The concept of cartoon bands has always fascinated me. You can’t ask for a better marriage between visual and audio than sharp animation and sharp music. Of course, the music has sometimes been the stumbling block. Early attempts at the cartoon band concept generally lacked music that reflected the popular music of the time accurately. It took a posse of cartoon-loving alt-rockers to do the songs of early cartoon bands justice on the excellent 1995 compilation Saturday Morning: Cartoons’ Greatest Hits. Still, the Archies were probably the blueprint for numerous new wave bands (most notably the B-52s), while Josie and the Pussycats were the cat’s pajamas for a generation of future female rockers (examples: Juliana Hatfield, Tanya Donnelly, Louise Post), not to mention the subject of fantasy for their male counterparts (remember that old chestnut about guys being attracted to Betty Rubble despite her animated status?). Then you had Daria’s Mystic Spyral, a band that never really played much actual music, though they did manage the unforgettable “Freakin’ Friends”, complete with music video.
Fast forward to the year 2001 and the creation of Gorillaz by Blur singer Damon Albarn and Tank Girl creator Jamie Hewlett. Gorillaz’ music is a perfect amalgam of rock, hip-hop, electronica, Latin, and other musical styles currently popular with teen (and adult) listeners. Listening to their debut album release, you couldn’t escape the conclusion that the music was the driving force behind the creation of the group and that it would ultimately determine their success or failure. Of course, the cartoon band (which we should probably refer to as a “virtual band”. It is the 21st Century, after all) is the perfect medium for the Web, which record company EMI used to provide extensive marketing for the group that would otherwise have been very difficult and expensive. EMI, as a standalone record label, finds it difficult to cross-market its releases the way conglomerates such as AOL Time Warner and BMG Music Group do. For these mega-companies, musical artists can be marketed in company-owned publications, make appearances on company-owned television programs, and gain free marketing and publicity on company-owned websites. EMI has the opportunity to do this with Gorillaz since the group is probably going to appear in a feature film, on the Cartoon Network, and in the stores as merchandising opportunities take off.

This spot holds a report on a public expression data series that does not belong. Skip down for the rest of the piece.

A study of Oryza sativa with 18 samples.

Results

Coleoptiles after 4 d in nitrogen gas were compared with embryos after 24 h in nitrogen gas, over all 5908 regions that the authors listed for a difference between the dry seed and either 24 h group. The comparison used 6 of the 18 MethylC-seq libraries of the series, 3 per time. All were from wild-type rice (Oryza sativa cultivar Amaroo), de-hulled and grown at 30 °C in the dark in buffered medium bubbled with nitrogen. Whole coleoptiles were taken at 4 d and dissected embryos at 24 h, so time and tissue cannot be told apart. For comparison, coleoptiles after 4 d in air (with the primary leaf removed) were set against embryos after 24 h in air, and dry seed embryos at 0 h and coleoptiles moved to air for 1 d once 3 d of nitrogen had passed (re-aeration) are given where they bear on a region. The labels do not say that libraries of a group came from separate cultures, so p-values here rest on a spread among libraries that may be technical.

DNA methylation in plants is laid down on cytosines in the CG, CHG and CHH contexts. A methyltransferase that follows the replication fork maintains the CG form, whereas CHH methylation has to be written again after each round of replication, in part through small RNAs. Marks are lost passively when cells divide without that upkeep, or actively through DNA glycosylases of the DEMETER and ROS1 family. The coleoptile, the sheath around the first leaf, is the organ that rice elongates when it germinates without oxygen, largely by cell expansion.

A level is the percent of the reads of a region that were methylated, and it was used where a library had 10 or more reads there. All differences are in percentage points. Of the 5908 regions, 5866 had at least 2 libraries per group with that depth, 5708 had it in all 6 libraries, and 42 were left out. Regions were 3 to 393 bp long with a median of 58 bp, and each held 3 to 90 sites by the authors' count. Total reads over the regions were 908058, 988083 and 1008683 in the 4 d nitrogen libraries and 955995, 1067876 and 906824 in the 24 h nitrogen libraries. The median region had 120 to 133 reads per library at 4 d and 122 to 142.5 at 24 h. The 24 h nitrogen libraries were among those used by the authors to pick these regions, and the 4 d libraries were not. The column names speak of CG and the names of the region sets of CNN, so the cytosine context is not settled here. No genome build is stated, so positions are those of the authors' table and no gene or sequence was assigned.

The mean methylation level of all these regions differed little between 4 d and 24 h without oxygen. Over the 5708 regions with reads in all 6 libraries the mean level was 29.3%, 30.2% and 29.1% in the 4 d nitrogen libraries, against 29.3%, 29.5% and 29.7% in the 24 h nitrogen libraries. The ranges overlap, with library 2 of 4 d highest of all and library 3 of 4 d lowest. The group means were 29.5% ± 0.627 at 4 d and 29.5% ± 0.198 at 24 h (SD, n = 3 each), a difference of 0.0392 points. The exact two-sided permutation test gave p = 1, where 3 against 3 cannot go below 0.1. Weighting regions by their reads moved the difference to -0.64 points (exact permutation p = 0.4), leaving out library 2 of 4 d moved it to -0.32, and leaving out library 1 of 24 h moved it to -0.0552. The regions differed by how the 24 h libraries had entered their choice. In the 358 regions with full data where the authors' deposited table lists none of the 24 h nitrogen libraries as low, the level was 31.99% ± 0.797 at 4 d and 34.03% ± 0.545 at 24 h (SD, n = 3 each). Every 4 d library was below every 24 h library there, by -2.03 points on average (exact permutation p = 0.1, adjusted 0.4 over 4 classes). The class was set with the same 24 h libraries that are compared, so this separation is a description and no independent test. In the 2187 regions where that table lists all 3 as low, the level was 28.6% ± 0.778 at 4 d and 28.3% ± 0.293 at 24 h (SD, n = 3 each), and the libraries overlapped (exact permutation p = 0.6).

Now we have G-Sides, a compilation of new tracks, rarities, and remixes originally done for the Japanese market, now released here, no doubt to keep the Gorillaz in our minds while the marketing kicks in. Four of the nine tracks on the disc are remixes, actually. There is the Soul Child Remix of “19-2000” (a slick and cool song to begin with) that emphasizes the original track’s beat and makes the song fresh without really changing it all that much. Compare that to the Wiseguys House of Wisdom Remix, a piece of club-oriented dreck that plows on and on for seven minutes without really developing at all. It would be fine in a club or on a house-remix album, but considering that Gorillaz is a band with serious pop aspirations, it isn’t something most fans are going to want to hear. “Latin Simone” is given an English language performance without disturbing the track’s dubby bass, spacey piano, and Miles Davis-inspired muted trumpet flourishes. And “Clint Eastwood” is performed as a straight-ahead rap track, with fast, acrobatic rhyming and a complete absence of the zombified chorus (my favorite part, unfortunately, but it will be enjoyable for serious hip-hop fans).
That brings us to the new tracks. “The Sounder” is another serious hip-hop track featuring drummer Russel (and the bevy of spooky undead that live inside him), but about halfway through there’s some heavy-duty synth bass that rocks the house. “Faust” is awesome, a minor key electronic noodle of a track that manages to recall both early meandering Kraftwerk and Air’s Moon Safari. When the vocal enters, with about a minute to go, you are surprised, but fortunately it fits quite well with the established mood, so the track is, overall, completely successful. “Ghost Train” is a cool song with a Damon Albarn vocal that combines an industrial production-line electrobeat with some rock & roll distortion. It also samples Human League’s “Sound of the Crowd” from their classic Dare album (quite funny since the group’s pretty boy, 2-D, claims Philip Oakey as an influence). “Hip Albatross” is, well, something of a failed experiment, sounding like an outtake (one hopes) from an unsuccessful Radiohead session, though it does contain sampled dialogue from Dawn of the Dead and Day of the Dead. The disc ends on a strong note with “12D3” which features acoustic guitar and acoustic piano, plus vocal harmonies that are actually warm and (wait for it) gospel-influenced. The song is a beautiful one, and it would be great if there are more interesting experiments like this on the group’s next album.
Overall, there’s nothing on G-Sides that stands out the way, say, “Clint Eastwood” or “19-2000” on the group’s first album did, but taken collectively the new tracks here demonstrate the uniqueness of the Gorillaz sound and the vision shared by the group’s creators and the musicians who bring it all to life. There’s still a lot of life in these cartoons. Josie and the Pussycats should have had it so good.
We all know how critical it is to keep independent voices alive and strong on the Internet. Please consider a donation to support our work as independent cultural critics and historians. Your donation will help PopMatters stay viable through these changing and challenging times. Thanks everyone.